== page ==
The Catholic Diocese of Brooklyn recently requested the NYPD increase patrols near churches in Brooklyn and Queens. The response comes after a series of recent incidents on Church properties throughout the city.
“It is disheartening to see acts of religious intolerance against the Catholic Church, most recently at St. Athanasius and our Diocesan offices,” said diocese deputy press secretary John Quaglione.
The two incidents Quaglione referenced happened within a week of each other. In the early morning hours of May 14, a crucifix was toppled and damaged and an American Flag burned at St. Athanasius Roman Catholic Church in Bensonhurst.
The damaged crucifix was discovered by Monsignor David Cassato around 8 a.m. on his walk from the rectory to the academy to greet the students. The crucifix was installed as a tribute to the monsignor’s late mother.
On May 17, a statue of Mary holding the baby Jesus was found vandalized near the diocese’s administrative office in Windsor Terrace. Jesus’s head was removed. Diocese officials are working towards repairing the statue to its original form.
The incidents come after a year in which New York’s places of worship have been either closed or seen their capacity greatly limited.
“Many people are now just getting comfortable returning to church after more than a year of hesitation and fear stemming from the coronavirus pandemic,” explained Quaglione. “We have now reopened our churches at 100 percent capacity and the last thing we want is our faithful to feel unsafe attending Mass.”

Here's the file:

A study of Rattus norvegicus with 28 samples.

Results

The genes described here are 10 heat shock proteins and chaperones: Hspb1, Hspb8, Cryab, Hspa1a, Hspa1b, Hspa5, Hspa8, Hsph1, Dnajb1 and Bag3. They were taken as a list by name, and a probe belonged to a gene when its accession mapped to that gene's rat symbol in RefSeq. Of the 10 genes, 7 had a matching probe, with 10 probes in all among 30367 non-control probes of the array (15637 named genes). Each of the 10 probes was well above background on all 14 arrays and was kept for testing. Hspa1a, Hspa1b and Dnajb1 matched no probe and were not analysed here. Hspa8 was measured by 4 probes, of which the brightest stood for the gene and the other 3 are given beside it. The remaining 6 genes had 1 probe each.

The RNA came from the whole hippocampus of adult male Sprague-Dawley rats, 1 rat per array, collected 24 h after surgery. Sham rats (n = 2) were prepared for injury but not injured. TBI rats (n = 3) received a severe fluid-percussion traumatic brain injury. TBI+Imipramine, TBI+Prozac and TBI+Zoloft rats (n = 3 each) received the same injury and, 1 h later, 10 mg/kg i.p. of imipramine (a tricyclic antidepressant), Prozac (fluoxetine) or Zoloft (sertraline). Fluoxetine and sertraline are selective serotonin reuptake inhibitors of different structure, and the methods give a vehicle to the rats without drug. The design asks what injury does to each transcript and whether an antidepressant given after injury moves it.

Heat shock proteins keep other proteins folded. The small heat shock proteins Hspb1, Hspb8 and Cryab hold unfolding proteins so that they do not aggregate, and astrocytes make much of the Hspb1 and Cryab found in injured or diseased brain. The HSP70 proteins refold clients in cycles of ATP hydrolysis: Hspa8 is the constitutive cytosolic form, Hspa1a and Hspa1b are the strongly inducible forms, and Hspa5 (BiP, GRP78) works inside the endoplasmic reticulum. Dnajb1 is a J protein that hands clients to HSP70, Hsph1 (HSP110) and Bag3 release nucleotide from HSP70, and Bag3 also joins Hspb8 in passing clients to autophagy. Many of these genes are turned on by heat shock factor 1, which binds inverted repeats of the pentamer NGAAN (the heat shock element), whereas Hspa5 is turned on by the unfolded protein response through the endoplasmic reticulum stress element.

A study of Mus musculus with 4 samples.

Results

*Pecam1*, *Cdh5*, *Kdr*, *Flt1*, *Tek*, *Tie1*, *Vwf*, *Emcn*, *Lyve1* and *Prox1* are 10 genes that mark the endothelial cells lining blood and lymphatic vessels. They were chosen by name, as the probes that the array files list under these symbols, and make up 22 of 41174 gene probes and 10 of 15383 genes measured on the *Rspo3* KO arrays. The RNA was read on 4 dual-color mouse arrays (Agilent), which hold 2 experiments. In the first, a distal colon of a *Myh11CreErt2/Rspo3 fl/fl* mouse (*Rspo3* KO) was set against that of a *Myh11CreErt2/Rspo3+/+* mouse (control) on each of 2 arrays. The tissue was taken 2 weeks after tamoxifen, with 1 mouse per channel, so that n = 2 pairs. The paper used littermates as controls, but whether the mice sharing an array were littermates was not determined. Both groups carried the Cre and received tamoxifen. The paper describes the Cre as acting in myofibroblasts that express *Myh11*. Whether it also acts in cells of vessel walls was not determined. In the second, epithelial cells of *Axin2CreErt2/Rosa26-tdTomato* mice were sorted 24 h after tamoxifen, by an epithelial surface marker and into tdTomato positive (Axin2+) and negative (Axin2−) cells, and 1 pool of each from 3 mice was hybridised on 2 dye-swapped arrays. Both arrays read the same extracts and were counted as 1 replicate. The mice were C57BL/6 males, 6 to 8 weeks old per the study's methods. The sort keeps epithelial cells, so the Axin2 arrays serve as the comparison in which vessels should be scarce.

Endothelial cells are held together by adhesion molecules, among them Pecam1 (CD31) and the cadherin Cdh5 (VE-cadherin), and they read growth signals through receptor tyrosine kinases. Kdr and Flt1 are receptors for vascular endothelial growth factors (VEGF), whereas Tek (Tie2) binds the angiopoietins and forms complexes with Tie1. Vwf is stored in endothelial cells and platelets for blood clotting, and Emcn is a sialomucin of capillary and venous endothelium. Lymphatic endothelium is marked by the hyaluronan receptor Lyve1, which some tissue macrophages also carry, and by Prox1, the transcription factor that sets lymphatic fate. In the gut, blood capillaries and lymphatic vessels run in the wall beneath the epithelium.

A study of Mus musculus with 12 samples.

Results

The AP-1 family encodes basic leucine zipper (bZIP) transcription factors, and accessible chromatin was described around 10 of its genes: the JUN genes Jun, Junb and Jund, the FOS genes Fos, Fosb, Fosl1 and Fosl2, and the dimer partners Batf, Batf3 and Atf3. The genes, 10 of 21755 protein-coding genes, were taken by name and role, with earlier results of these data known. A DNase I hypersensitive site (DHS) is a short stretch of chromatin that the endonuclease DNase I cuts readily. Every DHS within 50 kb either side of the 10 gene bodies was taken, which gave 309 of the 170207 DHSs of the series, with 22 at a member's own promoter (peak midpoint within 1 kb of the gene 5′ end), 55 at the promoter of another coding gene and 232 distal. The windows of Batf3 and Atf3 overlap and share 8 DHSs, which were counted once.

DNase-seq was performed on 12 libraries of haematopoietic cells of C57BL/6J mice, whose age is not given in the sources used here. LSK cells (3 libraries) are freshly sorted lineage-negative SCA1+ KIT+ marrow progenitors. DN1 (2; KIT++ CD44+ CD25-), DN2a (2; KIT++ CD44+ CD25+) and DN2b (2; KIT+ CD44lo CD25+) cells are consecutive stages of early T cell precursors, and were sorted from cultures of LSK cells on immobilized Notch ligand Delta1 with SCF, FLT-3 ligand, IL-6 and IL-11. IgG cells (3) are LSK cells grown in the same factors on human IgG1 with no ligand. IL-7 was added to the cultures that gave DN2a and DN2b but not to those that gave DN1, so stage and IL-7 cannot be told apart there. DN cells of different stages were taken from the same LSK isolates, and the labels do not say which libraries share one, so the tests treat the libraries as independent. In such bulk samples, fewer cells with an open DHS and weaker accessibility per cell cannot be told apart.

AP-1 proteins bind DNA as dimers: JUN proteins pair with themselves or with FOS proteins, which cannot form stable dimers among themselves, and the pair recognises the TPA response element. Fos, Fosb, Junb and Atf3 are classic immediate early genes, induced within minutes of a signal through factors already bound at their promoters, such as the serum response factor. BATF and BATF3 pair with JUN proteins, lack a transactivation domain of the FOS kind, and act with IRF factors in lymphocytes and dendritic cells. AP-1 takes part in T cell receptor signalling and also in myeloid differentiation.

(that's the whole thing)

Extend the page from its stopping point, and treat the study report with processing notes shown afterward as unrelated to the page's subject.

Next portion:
Despite the incidents, Quaglione is confident that the diocese can thrive and be of service as the pandemic slowly comes to a close.
“As we continue to see the light at the end of the tunnel of the COVID-19 pandemic, there may be people who are experiencing anger and frustration over the loss of a loved one, employment, or income,” said Quaglione. “Our message to them is to let the Church help you through the mental health services offered through Catholic Charities of Brooklyn and Queens.”
The diocese is not the only religious community experiencing a surge in hate crimes. On May 13, worshipers at the Tayba Islamic Center in Sheepshead Bay were shocked to find anti-Palestine phrases scrawled on the side of the building.
On May 22, a group of Jewish worshipers were verbally assaulted outside of a Borough Park Temple. Both episodes occurred while tensions between Israel and Palestine remained extremely high.